CoagClinic helps hospitals manage anticoagulation therapy


A new software system, called CoagClinic, is helping hospitals manage their patients on anticoagulation therapy.

Ultimately, Wirth's search led her to Standing Stone Inc., a Westport, Conn.-based company that has developed computer software that automates anticoagulation data. Dubbed CoagClinic, the software is used by more than 400 hospitals and clinics nationwide to better manage patients and anticoagulation therapy. Standing Stone's software is one of several on the market that helps hospitals better manage anticoagulation therapy. Other similar programs include CoagCare, developed by ZyCare Inc., of Chapel Hill, N.C., and DoseResponse, developed by Keystone Therapeutics Inc. of Pittsburgh.

CoagClinic is "a tracking program," said Lester Demaree, senior director of business development for Standing Stone. "The software also has a whole host of reports that can be created and these reports can be generated for use as a patient handout or for follow-up visits. A lot of these clinics are managing blood test results for thousands of patients, and these patients have their blood tested 12 to 15 times a year."

"Tracking patients and making sure they come in for their INR is a lot of work. You need to have a good tool in order to do that," Wirth said. "We are supposed to print out a list of drugs and give it to the patient so he knows exactly what he is taking. Without the software, it would be impossible for clinicians to do medication reconciliation for each patient."

Since implementing the CoagClinic program, Emory HealthCare's anticoagulation clinics have grown to encompass seven sites and treat 2,500 patients. "The best part about any software tool when you are administering anticoagulation therapy is tracking patients and not letting them fall through the cracks," Wirth noted.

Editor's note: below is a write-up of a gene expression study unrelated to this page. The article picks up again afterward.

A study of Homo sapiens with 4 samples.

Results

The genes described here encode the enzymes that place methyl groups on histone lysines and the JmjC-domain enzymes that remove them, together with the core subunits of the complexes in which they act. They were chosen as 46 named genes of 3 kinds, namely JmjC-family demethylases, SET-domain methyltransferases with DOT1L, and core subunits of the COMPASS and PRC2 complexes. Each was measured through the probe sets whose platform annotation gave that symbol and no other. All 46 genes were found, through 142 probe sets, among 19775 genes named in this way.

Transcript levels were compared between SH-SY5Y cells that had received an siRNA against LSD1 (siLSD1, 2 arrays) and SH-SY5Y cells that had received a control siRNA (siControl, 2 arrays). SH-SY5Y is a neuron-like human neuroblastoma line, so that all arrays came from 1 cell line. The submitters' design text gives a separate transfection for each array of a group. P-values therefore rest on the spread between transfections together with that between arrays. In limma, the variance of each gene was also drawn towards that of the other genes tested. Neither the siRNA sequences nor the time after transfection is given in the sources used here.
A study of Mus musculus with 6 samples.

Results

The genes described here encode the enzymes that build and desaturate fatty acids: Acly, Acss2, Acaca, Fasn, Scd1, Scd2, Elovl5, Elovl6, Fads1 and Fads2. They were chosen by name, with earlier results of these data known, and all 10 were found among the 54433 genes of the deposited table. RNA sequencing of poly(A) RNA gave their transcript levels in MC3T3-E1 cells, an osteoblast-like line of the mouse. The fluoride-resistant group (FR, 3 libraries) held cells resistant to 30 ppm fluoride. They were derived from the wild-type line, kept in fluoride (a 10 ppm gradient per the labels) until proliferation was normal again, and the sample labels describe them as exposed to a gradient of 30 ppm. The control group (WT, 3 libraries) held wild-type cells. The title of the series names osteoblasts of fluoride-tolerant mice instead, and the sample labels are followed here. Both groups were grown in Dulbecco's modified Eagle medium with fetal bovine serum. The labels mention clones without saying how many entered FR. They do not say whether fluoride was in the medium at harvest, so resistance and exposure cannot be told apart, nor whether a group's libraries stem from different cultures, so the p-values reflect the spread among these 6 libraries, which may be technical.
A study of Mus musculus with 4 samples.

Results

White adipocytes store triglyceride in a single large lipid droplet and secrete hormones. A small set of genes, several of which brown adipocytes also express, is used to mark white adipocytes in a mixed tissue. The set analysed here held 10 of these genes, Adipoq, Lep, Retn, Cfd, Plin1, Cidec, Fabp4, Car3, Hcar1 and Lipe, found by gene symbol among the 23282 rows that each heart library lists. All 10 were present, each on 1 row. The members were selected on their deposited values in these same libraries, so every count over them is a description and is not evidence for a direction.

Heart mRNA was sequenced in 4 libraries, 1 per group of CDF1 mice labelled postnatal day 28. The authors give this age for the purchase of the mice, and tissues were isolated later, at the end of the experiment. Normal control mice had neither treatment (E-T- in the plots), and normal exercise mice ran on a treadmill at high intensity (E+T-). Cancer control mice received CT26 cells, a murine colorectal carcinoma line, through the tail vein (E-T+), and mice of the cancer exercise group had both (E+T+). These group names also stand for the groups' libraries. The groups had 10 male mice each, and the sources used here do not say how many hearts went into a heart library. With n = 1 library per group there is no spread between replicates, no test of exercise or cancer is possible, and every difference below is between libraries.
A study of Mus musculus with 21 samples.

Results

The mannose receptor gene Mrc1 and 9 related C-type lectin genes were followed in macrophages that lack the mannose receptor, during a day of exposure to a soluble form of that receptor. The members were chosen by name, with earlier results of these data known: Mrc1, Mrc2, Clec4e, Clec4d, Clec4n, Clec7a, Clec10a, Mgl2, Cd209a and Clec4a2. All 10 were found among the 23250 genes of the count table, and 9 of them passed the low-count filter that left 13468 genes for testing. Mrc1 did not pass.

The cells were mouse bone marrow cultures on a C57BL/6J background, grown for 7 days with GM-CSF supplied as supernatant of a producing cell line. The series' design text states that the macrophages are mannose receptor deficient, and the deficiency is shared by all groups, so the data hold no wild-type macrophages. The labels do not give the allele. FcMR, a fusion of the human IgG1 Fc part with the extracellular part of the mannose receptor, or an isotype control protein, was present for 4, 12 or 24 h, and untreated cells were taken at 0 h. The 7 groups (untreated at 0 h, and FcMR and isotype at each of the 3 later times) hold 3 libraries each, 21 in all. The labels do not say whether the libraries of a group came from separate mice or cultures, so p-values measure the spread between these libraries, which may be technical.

Patients no longer fall through the cracks at Hoag Hospital in Newport Beach, Calif., where Standing Stone's software has helped the facility streamline its scheduling process for the 1,275 patients on anticoagulation therapy. Since implementing the software program in October 2005, the number of new anticoagulation cases at Hoag Hospital has tripled.

"We don't have to go to different sites anymore to get the information we need," said Marilyn Chalberg, an R.N. for the hospital's anticoagulation clinic. "We can look at a schedule for an entire month."

Besides helping hospitals better manage their anticoagulation therapy programs, CoagClinic gives healthcare institutions a way to meet a 2008 National Patient Safety Goal handed down by the Joint Commission last summer. That goal requires hospitals and/or clinics that provide anticoagulation therapy to "reduce the likelihood of harm associated with the use of anticoagulation therapy."

"Since requirement 3E applies to both outpatient and inpatient environments, compliance will require cooperation across many hospital departments," said Mark W. Wurster, M.D., FACP, and clinical assistant professor of internal medicine at Ohio State University. "At OSU we have already determined that an electronic clinical decision support system will be necessary to meet [the National Patient Safety Goal] within the stated timeframe. CoagClinc software combines integration of point-of-service testing with computerized decision support and seamless data transfer via HL7 to and from existing hospital systems."

THE AUTHOR is a writer based in New Jersey.